While it comes as no surprise to learn that housing prices in downtown Boston are costlier than in those areas that lay outside of the downtown area, two recent reports have found that the gap may be bigger than once believed. At the same time, as prices are growing higher and higher in Boston, the number of sales are on the decline. This is not due to a lack of interest, however, as the city is simply continuing to experience a very tight market with too homes available in its inventory to meet demand.
Examining Sale Prices
According to the first report, which was published by real estate research site PropertyShark, the median sale price in downtown Boston was $369,000 higher than the overall median for the city. This is despite the overall median increase that occurred after the 2008 financial crisis, which gave it a bump from $335,000 to $590,000. During this same time period, median prices in the downtown area jumped from $637,500 to $959,000. For the purposes of this particular report, downtown was defined as the Financial District, Downtown Crossing and some of the surrounding blocks.
Appraiser Miller Samuel and brokerage Douglass Elliman also created a report focusing on the fourth quarter of 2018. The researchers found that condo and townhouse prices were generally up in downtown Boston neigbhorhoods, with the median condo sale price being up to $838,500. According to Zillow, on the other hand, the city’s median price was $617,900 in November 2019.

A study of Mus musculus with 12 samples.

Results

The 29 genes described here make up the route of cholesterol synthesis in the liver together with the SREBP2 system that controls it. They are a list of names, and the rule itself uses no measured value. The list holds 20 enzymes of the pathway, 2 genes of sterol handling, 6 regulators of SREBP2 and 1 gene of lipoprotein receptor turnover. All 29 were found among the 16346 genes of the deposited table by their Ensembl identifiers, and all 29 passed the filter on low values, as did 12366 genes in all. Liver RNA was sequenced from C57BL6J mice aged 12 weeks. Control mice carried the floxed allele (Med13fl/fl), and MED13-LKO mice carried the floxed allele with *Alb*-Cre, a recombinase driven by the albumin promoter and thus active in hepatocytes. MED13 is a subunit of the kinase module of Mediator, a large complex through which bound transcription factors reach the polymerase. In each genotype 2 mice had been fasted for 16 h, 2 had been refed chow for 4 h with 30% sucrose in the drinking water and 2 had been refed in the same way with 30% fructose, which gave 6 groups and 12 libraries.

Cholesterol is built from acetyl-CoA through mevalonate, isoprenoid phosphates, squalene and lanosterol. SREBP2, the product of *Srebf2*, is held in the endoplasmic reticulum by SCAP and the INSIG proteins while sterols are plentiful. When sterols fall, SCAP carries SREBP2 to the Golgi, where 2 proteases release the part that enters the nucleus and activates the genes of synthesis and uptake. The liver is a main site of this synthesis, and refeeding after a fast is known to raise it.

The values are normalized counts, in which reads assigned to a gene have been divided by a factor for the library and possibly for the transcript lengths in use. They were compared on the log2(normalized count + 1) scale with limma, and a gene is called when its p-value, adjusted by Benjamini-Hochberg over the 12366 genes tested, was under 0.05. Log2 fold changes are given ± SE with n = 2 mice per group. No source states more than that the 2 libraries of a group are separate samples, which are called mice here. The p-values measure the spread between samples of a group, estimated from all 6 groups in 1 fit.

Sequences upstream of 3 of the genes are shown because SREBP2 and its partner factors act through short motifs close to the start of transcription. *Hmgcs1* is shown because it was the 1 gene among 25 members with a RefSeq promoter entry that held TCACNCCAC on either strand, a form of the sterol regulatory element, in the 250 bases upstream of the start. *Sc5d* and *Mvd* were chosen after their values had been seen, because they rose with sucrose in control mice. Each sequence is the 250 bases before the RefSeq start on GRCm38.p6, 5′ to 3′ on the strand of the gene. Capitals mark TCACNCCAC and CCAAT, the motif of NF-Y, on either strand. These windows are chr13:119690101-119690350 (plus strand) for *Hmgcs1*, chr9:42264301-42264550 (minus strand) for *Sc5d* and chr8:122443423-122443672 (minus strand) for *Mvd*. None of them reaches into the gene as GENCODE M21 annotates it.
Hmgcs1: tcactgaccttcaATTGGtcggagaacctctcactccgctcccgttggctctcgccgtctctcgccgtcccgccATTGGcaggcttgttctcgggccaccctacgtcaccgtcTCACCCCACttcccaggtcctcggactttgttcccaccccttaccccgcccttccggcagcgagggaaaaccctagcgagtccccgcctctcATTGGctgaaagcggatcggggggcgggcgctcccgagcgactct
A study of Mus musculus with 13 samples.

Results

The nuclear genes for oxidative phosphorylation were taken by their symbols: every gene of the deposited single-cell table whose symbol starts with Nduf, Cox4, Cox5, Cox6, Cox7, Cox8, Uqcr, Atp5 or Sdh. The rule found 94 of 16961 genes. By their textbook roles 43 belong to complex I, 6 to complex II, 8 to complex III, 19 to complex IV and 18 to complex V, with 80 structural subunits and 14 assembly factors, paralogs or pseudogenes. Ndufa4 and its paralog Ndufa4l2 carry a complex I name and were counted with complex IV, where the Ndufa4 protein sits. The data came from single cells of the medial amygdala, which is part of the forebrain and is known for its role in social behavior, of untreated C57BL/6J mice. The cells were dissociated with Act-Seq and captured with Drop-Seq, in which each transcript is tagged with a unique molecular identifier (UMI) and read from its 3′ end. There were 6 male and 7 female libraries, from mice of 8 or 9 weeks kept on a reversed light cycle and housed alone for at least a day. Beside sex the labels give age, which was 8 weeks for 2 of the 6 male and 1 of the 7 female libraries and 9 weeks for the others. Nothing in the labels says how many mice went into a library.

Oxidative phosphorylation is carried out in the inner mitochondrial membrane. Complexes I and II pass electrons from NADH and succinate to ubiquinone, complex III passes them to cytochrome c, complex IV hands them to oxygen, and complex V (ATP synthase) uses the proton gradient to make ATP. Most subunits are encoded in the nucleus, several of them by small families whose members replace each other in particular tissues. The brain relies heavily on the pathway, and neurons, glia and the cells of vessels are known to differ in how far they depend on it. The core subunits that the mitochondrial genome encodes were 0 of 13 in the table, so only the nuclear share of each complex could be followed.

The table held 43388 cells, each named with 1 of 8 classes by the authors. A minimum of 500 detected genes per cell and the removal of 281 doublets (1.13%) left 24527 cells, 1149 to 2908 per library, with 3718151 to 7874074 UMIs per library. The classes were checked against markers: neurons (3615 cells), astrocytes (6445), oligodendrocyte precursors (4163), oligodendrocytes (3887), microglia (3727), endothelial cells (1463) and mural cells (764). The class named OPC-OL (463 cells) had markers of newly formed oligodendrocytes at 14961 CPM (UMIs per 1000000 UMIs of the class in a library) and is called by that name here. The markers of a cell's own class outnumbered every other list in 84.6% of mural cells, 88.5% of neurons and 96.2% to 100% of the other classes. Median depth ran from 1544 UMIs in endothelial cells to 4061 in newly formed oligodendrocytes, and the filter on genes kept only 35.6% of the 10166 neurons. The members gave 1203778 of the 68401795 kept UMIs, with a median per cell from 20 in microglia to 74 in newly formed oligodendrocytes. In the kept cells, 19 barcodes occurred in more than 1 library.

At the same time as prices continue to increase in Boston, November data shows that home sales took a bit of a dip that same month. According to the Massachusetts Association of Realtors, sales of single-family homes were down by 0.9 percent in November when compared to that same month the previous year. On the other hand, the median cost of a single-family home went up by 4.1 percent to $395,000.
Condos had even more troubles than single-family homes, with the Massachusetts Association of Realtors finding that sales dropped by 11.7 percent in November when compared to the same month in 2018. Nonetheless, prices increased by 1.4 percent during this same time period to $375,000.
Overall, the number of closed deals for both condos and single-family homes have been down or flat for most of 2018. In addition, the median prices have been up or flat for an even longer period of time. This translates into a tight market for potential buyers with annual declines in inventory in November for both single-family homes and condos.
Given the current market conditions, those who are interested in purchasing a home in Boston are not likely to have an easy time finding something that is available. Furthermore, those who are serious about buying have little room to be picky. Unfortunately for those who want to call Boston their home, this trend is not likely to reverse itself any time soon. In fact, it is likely to only grow worse until the city manages to make more housing options available.